The link between green IT and business is awkward. Computers are not eco-friendly, yet many companies cannot run without an IT system. At the same time, businesses have a duty to the environment, and green issues matter to their customers. So, if a company ignores green IT, it risks damaging its name and its profits.
Green IT therefore appears on the business agenda, but development progress is slow. So what’s the problem?
With any answer, there’s a danger of oversimplifying, but it’s possible to highlight three main concerns with current IT.
High power needs.
Use of hazardous materials.
Disposal of equipment.
High electrical power consumption directly affects the environment. Some governments recognise this and promote IT energy efficiency. America’s Energy Star initiative is one example; another is Sweden’s TCO Certification scheme. Most programmes, however, are voluntary. This is hardly surprising because low power computers cannot cope with complex business tasks (or, indeed, the needs of home computer game enthusiasts).
More positively, there’s increasing control of the dangerous materials used in IT equipment. The regulations now in place include the European Union’s health and safety and waste control directives; introduced from 1st July 2006. These ban, among other things, the use of polluting flame retardants and heavy metals.
This leaves the safe disposal of IT hardware. Europe and many US States expect manufacturers to be involved in recycling old equipment. This helps keep hardware from landfill rubbish sites – at least for a while.
But from a business viewpoint, these concerns and partial answers are not impressive. How can companies encourage green IT if all they can do at best is to recycle?
There is light at the end of the tunnel, and it’s an energy efficient light: A number of new IT firms, have seen this question as an opportunity. Their business mission is clear: to develop the technologies and strategies that reduce an IT system’s power needs.
More established firms are also becoming aware of the problem. IBM, Nokia, Pitney Bowes and Sony, for example, have come together to create the Eco-Patent Commons. Under this agreement, they have agreed to share any new ideas for more energy-efficient IT.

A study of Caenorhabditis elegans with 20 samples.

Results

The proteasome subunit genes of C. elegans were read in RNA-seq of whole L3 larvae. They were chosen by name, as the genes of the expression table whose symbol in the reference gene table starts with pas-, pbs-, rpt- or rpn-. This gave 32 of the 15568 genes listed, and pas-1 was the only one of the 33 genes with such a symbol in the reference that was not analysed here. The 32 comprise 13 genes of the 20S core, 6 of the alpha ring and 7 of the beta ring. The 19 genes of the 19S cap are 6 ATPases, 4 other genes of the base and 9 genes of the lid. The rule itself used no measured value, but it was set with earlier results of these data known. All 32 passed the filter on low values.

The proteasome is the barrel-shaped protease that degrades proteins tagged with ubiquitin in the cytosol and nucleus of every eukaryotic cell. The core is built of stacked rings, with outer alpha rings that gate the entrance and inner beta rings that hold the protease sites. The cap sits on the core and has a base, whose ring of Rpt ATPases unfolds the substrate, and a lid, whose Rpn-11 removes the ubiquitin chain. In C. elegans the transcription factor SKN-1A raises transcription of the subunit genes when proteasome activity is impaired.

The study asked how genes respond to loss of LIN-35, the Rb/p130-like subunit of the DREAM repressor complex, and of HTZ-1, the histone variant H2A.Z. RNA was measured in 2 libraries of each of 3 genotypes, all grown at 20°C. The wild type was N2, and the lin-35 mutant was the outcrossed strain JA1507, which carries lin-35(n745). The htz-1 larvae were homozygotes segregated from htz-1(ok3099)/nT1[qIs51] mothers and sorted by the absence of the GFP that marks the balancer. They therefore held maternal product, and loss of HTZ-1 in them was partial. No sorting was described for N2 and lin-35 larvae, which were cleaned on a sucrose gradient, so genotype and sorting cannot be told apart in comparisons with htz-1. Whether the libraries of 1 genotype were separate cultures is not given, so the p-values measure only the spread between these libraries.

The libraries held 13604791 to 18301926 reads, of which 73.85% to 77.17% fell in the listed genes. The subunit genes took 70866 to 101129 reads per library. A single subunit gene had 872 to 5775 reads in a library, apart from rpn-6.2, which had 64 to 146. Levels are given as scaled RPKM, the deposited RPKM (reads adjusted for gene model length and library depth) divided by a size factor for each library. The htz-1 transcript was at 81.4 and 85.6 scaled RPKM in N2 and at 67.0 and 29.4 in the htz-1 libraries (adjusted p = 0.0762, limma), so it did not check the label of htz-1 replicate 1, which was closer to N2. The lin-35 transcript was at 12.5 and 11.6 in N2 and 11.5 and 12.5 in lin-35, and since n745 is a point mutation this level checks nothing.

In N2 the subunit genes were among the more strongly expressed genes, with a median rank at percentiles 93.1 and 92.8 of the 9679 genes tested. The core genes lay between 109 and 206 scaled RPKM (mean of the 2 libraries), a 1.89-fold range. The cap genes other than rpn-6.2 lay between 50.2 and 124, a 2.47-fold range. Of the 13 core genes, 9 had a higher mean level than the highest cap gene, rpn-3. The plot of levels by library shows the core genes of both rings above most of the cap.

However, if businesses are to take green IT seriously, they need more options. In the past, some marketing firms have promoted dubious green benefits of certain IT technologies. This approach is no longer acceptable. Businesses must have valid facts and figures about green improvements to show shareholders and customers.
A report published earlier this year provides some guidance. The Butler Group’s Sustainable IT provision: meeting the challenge of corporate, social, and environmental responsibility makes two points (among others).
The first is that companies must confront their IT manufacturers. They must ask them how they are making systems greener. Almost certainly, the IT industry will listen: Del, Google and Sun, for instance, are just three major firms now developing eco-friendly products.
The second point from the report highlights a specific goal.
“[using proper green IT principles]…companies can achieve something like 10 – 20% savings.”
This is just what businesses want to hear: Green IT can save them money! So what actions can businesses take?
Use software that needs simpler processors (and therefore less energy).
Replace underused servers with smaller (and thus more energy efficient) models.
Improve fresh-air cooling of equipment (rather than using fans).
Stop wasting ink and paper.
Clearly, these suggestions are not the complete solution. Businesses aren’t going to turn IT green overnight, but they can start making a difference now.
And finally, there is the easiest way of all to become more eco-friendly:-
Switch off your computer when it’s not in use!